Qatar on Wednesday unveiled a 6,000-cabin fan village in an isolated lot near its airports, an offering for housing toward the lower end of what’s available for the upcoming World Cup just days away from starting.
As journalists toured the cabins, desert winds kicked up sand at the 3.1 square-kilometre (1.1 square-mile) site, which housed a metro station, a bus stop, and a planned temporary restaurant and convenience store. The area could in theory hold as many as 12,000 people if booked at capacity, officials said.
Artificial green grass coveredare the walkways outside, with common areas filled with large bean-bag style chairs under a gray sky Wednesday. Competing nations’ flags flapped in the strong desert wind, a large screen also present at the site for fans to watch matches. Workers milled about the site, checking on its final touches.
The brightly coloured cabins, each with thin walls, are designed to hold one or two people with twin beds, a nightstand, a small table and chair, air conditioning, a toilet and a shower inside.
Each will go for around $200 a night — $270 with board — as the tournament goes on. Some 60% of the cabins are already booked for the tournament, said Omar al-Jaber, the head of accommodation at Qatar’s Supreme Committee for Delivery and Legacy for the tournament.
There will be other rooms offered at $80 a night farther out than this site near Doha International Airport and Hamad International Airport, both of which will be seeing flights at all hours during the tournament. Planes rumbled overhead during the visit Wednesday.
Those staying at the Fan Village can expect a 40-minute commute to stadium sites.
“Most of the fan(s) they prefer if it’s not a hotel, they prefer the apartment and villa,” al-Jaber said, noting those options are managed by French hospitality company Accor. However, those wanting budget accommodation will come to this site and the other for cheaper options, he said.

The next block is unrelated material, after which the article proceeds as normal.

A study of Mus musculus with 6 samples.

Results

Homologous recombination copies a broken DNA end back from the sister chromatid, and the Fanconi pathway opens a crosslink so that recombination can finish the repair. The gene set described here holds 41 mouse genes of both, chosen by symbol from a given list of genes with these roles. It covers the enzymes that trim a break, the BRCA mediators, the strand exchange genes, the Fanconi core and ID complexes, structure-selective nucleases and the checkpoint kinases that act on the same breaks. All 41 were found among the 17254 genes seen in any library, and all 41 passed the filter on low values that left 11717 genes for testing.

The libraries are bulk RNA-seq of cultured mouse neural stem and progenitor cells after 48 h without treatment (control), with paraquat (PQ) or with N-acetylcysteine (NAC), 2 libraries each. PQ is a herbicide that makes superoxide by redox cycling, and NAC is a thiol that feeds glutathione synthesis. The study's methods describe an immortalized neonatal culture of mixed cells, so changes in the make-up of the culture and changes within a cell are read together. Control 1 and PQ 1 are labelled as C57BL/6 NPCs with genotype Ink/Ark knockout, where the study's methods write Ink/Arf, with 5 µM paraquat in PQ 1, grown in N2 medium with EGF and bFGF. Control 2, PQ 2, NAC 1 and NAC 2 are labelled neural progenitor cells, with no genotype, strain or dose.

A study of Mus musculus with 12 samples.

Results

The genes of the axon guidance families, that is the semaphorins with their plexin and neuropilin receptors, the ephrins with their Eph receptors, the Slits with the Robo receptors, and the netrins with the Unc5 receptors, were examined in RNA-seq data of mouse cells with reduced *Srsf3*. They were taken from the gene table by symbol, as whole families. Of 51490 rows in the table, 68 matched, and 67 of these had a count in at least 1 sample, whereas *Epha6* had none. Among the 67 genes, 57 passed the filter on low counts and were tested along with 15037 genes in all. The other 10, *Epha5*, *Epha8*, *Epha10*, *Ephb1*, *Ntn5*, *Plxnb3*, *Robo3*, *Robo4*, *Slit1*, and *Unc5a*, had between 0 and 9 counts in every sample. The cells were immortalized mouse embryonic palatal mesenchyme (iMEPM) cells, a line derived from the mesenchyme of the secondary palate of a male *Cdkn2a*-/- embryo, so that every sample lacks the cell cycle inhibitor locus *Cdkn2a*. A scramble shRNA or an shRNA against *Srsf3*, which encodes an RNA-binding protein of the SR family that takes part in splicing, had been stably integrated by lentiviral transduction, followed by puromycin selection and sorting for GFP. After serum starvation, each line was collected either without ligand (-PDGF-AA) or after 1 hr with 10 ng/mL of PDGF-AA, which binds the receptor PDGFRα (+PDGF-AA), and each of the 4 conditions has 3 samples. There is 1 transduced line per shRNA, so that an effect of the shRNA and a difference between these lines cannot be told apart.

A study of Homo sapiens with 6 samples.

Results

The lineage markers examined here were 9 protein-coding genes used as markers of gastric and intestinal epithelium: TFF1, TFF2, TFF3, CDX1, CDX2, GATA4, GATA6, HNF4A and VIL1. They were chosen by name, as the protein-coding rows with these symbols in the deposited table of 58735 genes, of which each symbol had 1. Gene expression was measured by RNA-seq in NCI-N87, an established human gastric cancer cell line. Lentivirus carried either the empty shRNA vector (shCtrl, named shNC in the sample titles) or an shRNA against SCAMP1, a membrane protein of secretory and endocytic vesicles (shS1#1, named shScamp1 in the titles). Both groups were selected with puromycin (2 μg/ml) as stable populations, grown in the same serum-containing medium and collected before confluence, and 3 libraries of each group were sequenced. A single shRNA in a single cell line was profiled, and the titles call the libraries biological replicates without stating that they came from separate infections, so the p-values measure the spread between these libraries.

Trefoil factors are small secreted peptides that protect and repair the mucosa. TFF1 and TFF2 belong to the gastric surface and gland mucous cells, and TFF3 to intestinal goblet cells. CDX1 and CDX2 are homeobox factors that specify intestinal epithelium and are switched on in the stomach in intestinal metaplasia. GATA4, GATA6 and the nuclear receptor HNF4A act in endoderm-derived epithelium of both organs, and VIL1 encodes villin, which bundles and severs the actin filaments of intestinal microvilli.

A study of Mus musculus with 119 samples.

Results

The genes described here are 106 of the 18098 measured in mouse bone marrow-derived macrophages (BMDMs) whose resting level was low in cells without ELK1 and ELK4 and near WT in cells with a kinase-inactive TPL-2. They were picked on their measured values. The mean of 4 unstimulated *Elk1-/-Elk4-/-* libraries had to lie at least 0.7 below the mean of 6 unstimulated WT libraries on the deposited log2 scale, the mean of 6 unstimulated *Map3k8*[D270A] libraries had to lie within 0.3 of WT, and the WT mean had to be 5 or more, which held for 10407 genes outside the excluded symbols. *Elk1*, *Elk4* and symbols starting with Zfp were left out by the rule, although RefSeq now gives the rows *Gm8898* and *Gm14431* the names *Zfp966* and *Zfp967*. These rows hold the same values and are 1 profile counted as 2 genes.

In the lead-up to the tournament, concerns about hotel room space and high prices for the rooms available have trailed Qatar, which lacks hotel capacity for all teams, workers, volunteers and fans at the World Cup. So Doha has created camping and cabin sites, hiring cruise ships, and encouraging fans to stay in neighbouring countries and fly in for games.
Qatar has estimated it will have 130,000 rooms per day for the tournament.
Already, nearby Dubai in the United Arab Emirates has planned for an influx of World Cup fans who want to stay there where their money may go further.
“Now, the shuttle flights option, it’s one of the options for the people who stay already in our neighbour countries and … they would like to just to spend a day for to attend the match,” al-Jaber said. “So this is a good option for them in a state of their case.”
He added: “If they would like to come and stay, they are more than welcome, of course, and there is a many, many options for them.”
There are still multiple options available for fans in Qatar available to rent, ranging from hotels, cruise ship rooms, traditional dhow sailing vessels and tents, the fan village, porta cabins and caravans. al-Jaber said.
“We have enough accommodation and people still they can come and enjoy the tournament and of course they can choose what they are looking for from the accommodation,” he said.